There is great issue to be taken with the Ad Age article "GM rethinks the merits of ad pre-testing" (AA, April 23) and the editorial "GM tune-up" (AA, April 30). These were a misinformed and unfair attempt to create a self-serving media controversy over the age-old conflict between some agency creatives and copy testing. Misin-formed because the key information on which they were based is false. Unfair because only one side of the story, related by anonymous sources, was told.
The article stated Diagnostic Research International tested "a pair of commercials for Volkswag-en of America" on behalf of General Motors Corp. and "flunked" them. The real teeth of the article and editorial was the proposition that if a testing system can flunk VW advertising-"widely regarded as some of the best in the industry"-then [it] is "dangerous" and "perilous."
Conveniently or unwittingly, the report did not mention we actually tested three, not two commercials, and that the one not mentioned performed well on almost all dimensions. Our actual assessment of the three VW ads was as follows (with the important caveat that we didn't know precise advertising objectives and core target definitions, which are critical to the assessment of effectiveness in our book):
"All three ads were commended for their breakthrough ability and distinctiveness, dimensions for which the ad industry at large applauds the campaign. These are, no doubt, two of VW's core objectives."
The truth is that only one of the three commercials was deemed problematic. It performed poorly on all other dimensions. Frank Maguire, VP-sales and marketing at VW, admitted "... sometimes the executions don't work ..." as stated in the April 23 Ad Age article.
Had VW been our client, we feel they would have welcomed these assessments in order to crystallize in their minds the trade-offs to be considered. And perhaps the agen-cy creatives might have invented appropriate modifications to improve them prior to airing.
And now, the real DRI:
First of all, we are sympathetic to those in the agency creative population at large who must endure pass/fail copytesting systems, which by their very nature, run the risk of smothering creativity.
Second, DRI is not in the business of pass/fail. We are in the business of helping our clients and their agencies understand, in depth, how well their advertising executions meet their objectives. Our mission is to inform the decision-making process and help effect optimization.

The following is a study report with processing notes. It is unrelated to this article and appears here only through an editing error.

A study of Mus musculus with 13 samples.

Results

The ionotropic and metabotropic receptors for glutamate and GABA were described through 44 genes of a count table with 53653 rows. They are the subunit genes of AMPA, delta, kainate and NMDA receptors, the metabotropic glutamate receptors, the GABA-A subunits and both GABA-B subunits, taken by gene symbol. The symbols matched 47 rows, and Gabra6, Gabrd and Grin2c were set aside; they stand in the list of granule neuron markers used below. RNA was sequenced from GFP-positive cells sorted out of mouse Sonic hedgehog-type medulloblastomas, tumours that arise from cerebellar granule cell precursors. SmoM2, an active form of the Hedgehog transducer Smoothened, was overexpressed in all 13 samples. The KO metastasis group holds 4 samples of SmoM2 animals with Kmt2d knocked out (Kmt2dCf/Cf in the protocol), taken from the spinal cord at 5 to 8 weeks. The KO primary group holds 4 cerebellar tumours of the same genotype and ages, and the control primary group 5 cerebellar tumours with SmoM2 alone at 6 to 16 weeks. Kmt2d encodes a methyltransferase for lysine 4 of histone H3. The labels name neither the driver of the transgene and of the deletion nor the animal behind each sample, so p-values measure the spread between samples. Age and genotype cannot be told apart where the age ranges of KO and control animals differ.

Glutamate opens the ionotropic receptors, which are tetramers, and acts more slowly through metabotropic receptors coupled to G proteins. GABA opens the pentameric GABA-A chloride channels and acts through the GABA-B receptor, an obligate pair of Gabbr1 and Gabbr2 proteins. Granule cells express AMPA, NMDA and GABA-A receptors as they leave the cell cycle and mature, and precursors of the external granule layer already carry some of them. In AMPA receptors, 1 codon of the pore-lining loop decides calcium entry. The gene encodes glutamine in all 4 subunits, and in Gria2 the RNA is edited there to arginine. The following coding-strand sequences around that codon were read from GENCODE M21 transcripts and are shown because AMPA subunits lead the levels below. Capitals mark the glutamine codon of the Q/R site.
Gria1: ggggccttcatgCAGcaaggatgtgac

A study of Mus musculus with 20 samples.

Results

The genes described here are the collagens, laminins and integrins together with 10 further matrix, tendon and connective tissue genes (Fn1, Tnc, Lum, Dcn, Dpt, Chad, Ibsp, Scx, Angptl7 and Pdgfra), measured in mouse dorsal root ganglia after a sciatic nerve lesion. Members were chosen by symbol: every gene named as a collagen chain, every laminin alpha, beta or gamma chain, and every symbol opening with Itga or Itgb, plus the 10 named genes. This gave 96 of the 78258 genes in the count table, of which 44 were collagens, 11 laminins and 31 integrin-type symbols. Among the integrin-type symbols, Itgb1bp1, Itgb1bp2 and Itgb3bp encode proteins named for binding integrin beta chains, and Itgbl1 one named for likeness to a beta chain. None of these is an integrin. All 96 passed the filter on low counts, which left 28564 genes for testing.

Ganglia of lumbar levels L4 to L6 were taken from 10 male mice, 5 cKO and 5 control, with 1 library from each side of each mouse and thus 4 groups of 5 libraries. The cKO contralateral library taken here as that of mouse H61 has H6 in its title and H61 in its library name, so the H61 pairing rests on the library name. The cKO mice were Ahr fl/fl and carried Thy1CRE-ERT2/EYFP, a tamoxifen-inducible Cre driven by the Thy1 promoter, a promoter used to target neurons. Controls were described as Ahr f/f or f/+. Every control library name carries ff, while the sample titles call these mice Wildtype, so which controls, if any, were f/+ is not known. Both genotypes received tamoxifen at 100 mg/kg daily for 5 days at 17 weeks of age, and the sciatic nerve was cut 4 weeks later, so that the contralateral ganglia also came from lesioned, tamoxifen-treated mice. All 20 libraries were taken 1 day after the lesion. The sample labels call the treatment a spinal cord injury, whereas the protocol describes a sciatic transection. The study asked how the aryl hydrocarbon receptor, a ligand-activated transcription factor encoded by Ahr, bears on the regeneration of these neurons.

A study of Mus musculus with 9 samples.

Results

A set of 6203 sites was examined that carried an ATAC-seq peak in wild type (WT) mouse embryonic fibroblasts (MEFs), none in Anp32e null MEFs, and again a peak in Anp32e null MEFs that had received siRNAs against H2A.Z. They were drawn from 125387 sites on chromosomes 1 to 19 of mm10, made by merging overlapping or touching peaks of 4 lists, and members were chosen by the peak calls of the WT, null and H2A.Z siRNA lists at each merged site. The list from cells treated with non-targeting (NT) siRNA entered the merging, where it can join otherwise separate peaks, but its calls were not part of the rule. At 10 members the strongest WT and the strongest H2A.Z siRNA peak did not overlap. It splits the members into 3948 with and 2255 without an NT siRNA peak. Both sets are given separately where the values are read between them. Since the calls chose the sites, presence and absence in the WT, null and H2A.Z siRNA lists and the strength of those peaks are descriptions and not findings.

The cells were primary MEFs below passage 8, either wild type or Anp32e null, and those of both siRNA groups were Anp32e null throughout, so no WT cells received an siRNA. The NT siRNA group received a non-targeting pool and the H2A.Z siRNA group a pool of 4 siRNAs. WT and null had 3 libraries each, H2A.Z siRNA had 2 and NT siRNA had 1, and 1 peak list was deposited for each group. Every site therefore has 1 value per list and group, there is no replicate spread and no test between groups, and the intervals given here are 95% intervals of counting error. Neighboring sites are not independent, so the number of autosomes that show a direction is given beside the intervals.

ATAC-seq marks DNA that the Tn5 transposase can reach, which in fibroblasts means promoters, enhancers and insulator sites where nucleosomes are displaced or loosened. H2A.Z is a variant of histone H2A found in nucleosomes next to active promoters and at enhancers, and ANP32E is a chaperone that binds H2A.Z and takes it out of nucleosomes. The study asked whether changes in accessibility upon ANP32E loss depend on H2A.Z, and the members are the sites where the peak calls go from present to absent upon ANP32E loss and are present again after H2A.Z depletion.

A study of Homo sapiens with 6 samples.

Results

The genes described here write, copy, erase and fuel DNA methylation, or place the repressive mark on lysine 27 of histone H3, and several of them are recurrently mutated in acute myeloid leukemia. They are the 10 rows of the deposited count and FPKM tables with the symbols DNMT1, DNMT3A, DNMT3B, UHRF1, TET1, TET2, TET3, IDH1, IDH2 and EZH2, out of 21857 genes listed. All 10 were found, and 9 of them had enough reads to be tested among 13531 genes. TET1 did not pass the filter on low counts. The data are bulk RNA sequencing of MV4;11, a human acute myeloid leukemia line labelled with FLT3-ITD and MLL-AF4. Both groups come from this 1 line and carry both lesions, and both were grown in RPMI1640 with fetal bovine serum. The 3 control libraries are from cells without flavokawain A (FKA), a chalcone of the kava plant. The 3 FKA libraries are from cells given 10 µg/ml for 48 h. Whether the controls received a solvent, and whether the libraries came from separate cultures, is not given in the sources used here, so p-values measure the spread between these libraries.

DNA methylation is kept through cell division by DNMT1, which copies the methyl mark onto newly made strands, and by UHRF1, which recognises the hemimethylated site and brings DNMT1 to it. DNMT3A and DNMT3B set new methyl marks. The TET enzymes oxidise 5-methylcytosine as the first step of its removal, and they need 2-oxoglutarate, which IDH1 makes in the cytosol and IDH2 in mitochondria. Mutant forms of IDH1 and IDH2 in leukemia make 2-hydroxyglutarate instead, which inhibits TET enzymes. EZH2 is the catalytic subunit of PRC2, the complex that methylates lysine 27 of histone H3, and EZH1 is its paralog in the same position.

Diagnostic Research International
McCann on `all good' Buick
Thanks for the input! Rance Crain's insights and analysis have proven invaluable as we continue to develop Buick's new campaign, "It's all good" ("Buick's new slogan goes after buyers in off-target age group," Viewpoint, AA, May 7).
Calling the line "obscure" and "a slogan that makes no sense" is, in hindsight, fair. Stepping back from it, what could those three words possibly mean? What were we thinking? Equally helpful was his suggestion that we not use the song "Pennies from Heaven" in a spot where pennies rain down from heaven. How obvious. And he is so right about "Buick's stupid commercials" starring Tiger Woods. Just because Sports Illustrated and USA Today like them is no reason for us to. Way to see through the bias of the mainstream media!
Perhaps of greatest value were his comments regarding the Rendezvous. Frankly, we haven't been thinking of it as a "sport wagon." But if he says it is, it must be! Nice catch, Rance!
Wise counsel, as always, R.C. We won't let you down again.
Executive Creative Director
Intel ads a waste
I suspect I am almost alone in criticizing this campaign ("Intel Inside at 10," AA, April 30), but here goes. The purpose of advertising is to differentiate your product from competitors in a meaningful manner. You do this by stressing those consumer benefits that are yours alone. ... When and if a competitor puts a new chip against Intel and can make one or more salient features its own, Intel Inside will still have name recognition but no differentiating factor-no reason to buy! It will be vulnerable.
San Juan Capistrano, Calif.
* In "Media spending down for third straight month" (Late News, May 14, P. 2), it was incorrectly reported that cable TV was up 0.7% in February. Network TV was up 0.7%; cable TV was down 2.5%.
* In "FYI" (For the Record, May 14, P. 34), it was incorrectly reported Luminant Worldwide Corp. posted first-quarter net income of about $220,000. The interactive shop actually reported a first-quarter net loss of $17.2 million, vs. a year-ago net loss of $29.6 million.
* In "Magazines see 6.8% drop in ads for first quarter" (April 23, P. 16), Time Inc. is not joint owner of American Express Publishing Corp. with American Express Co. Time Inc. manages the magazines but has no ownership interest.